The Fifth Circuit Court of Appeals recently held that the Tax Court’s ruling upholding an IRS Appeals Board decision to deny a face-to-face hearing before enforcing levies against a taxpayer was not an abuse of the Tax Court’s discretion.
In Muir v. Commissioner, No. 18-60336 (5th Cir. Feb 15, 2019), Muir failed to pay income taxes, for which the IRS issued an unchallenged Notice of Deficiency. Later, the IRS sent Muir a Notice of Intent to Levy. See 26 U.S.C. § 6330(a)(requiring IRS to provide notice). In response to the notice, Muir requested a hearing to raise an alternative to levy, but he did not suggest any alternative means of collection or include any supporting information.
The IRS’ Appeals Office subsequently sent Muir a letter, confirming Muir’s request for a hearing and asking that Muir get in touch to discuss his request. As noted by the Fifth Circuit, this letter notified Muir that if he failed to respond to the letter, the requested hearing would rest solely on the information the Appeals Board already possessed. Muir failed to respond to the letter, and without any evidence of an alternative means to collect, the Appeals Office issued its Notice of Determination sustaining the levy without a face-to-face hearing. Muir petition the Tax Court, which concluded that the Appeals Office did not abuse its discretion when it sustained the levy without a face-to-face hearing.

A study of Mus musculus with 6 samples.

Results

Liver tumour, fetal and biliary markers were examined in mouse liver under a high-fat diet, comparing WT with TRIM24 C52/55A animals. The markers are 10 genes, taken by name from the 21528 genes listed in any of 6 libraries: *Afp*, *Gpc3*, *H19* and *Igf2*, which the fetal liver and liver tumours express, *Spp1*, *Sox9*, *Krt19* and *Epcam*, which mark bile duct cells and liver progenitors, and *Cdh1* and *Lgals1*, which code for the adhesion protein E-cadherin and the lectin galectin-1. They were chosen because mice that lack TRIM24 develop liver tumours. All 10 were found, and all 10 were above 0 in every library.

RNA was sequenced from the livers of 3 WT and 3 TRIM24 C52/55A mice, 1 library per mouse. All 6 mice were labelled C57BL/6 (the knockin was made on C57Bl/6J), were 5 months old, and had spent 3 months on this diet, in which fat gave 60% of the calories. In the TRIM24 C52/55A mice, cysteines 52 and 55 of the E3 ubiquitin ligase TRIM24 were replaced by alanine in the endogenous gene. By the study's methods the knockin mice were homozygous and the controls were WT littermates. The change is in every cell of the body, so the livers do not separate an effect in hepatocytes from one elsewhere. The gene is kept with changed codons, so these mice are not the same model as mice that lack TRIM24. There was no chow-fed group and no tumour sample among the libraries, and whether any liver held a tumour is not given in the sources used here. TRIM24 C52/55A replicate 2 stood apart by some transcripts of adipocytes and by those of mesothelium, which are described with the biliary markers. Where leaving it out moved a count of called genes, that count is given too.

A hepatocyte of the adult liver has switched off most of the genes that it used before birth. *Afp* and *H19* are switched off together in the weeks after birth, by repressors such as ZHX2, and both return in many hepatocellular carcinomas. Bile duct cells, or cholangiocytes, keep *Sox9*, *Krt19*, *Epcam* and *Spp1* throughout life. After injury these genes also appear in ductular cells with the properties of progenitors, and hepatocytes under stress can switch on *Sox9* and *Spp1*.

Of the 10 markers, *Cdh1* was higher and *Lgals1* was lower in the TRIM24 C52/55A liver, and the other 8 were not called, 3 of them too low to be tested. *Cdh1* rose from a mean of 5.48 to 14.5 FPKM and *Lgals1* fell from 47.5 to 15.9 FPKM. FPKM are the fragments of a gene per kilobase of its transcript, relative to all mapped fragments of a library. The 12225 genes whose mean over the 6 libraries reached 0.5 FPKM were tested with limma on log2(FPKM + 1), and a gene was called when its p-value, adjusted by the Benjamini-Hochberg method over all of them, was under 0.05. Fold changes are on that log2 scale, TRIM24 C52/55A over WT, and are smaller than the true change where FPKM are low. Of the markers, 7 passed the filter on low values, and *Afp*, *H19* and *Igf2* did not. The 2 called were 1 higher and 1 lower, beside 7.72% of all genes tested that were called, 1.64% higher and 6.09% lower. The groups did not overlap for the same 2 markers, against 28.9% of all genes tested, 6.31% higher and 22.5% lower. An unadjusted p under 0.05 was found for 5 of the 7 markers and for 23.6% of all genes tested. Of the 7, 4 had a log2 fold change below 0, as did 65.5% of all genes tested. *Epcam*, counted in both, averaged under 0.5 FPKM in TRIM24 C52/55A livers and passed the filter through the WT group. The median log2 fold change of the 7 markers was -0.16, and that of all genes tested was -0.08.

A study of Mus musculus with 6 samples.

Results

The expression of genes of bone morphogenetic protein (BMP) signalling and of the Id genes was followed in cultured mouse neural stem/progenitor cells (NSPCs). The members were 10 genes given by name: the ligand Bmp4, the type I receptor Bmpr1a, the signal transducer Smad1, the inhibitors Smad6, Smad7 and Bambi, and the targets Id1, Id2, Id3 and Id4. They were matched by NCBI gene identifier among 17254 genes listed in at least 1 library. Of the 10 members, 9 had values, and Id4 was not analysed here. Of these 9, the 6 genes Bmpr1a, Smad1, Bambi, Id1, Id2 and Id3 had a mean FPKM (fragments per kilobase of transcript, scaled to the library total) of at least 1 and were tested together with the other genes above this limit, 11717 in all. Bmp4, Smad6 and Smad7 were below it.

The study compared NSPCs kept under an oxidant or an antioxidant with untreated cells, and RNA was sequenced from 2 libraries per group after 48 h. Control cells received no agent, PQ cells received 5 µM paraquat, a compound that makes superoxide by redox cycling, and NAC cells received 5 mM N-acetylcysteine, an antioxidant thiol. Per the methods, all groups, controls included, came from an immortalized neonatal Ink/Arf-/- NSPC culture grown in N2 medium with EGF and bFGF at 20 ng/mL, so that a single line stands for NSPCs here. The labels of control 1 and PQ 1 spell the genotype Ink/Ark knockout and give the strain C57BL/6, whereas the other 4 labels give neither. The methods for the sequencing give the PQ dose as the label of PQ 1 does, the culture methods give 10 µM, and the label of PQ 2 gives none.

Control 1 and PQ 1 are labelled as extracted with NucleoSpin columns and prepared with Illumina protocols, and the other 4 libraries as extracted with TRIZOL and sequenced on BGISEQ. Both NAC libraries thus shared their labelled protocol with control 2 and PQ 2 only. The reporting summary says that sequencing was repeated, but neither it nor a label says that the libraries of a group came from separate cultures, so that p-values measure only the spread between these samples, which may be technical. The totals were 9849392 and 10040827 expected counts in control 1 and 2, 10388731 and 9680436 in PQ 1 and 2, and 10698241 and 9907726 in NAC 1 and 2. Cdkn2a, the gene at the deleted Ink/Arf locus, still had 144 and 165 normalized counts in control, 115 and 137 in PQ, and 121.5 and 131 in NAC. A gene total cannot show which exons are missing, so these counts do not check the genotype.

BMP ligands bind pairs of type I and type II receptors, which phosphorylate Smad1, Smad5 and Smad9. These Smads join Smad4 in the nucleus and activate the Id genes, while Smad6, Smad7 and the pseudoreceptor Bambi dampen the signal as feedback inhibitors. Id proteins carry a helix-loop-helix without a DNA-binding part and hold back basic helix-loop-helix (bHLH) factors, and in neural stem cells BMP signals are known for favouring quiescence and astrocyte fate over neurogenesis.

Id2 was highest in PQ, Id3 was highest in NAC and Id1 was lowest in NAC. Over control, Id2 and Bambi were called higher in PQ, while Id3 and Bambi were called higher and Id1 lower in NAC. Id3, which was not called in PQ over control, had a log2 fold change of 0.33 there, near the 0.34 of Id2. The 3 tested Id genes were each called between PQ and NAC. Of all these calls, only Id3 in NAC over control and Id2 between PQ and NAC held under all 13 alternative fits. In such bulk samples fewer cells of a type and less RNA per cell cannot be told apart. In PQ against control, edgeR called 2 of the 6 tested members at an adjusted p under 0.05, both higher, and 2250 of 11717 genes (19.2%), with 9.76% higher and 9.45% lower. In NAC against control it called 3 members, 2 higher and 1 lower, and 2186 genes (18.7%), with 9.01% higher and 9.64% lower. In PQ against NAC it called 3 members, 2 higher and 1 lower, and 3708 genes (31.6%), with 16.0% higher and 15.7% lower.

Muir appealed the Tax Court’s ruling to the Fifth Circuit, which recognized that while Muir was entitled to a hearing, he was not entitled to a face-to-face hearing. See C.F.R. § 301.6330-1(d)(2). The Fifth Circuit noted that the Appeals Board denied Muir a face-to-face hearing because he failed to provide enough information to justify one – both in his initial request for a hearing and in his subsequent failure to respond to the Appeals Board. Without any additional information of an alternative means of collection, the Appeals Board could only sustain the proposed levy, the Fifth Circuit held.
The Muir opinion provides a good reminder to taxpayers of the importance of diligently responding to the IRS when information is requested. If a taxpayer fails to respond to such a request, the taxpayer, like Muir, may not be afforded the opportunity to provide information supporting her position at a later date.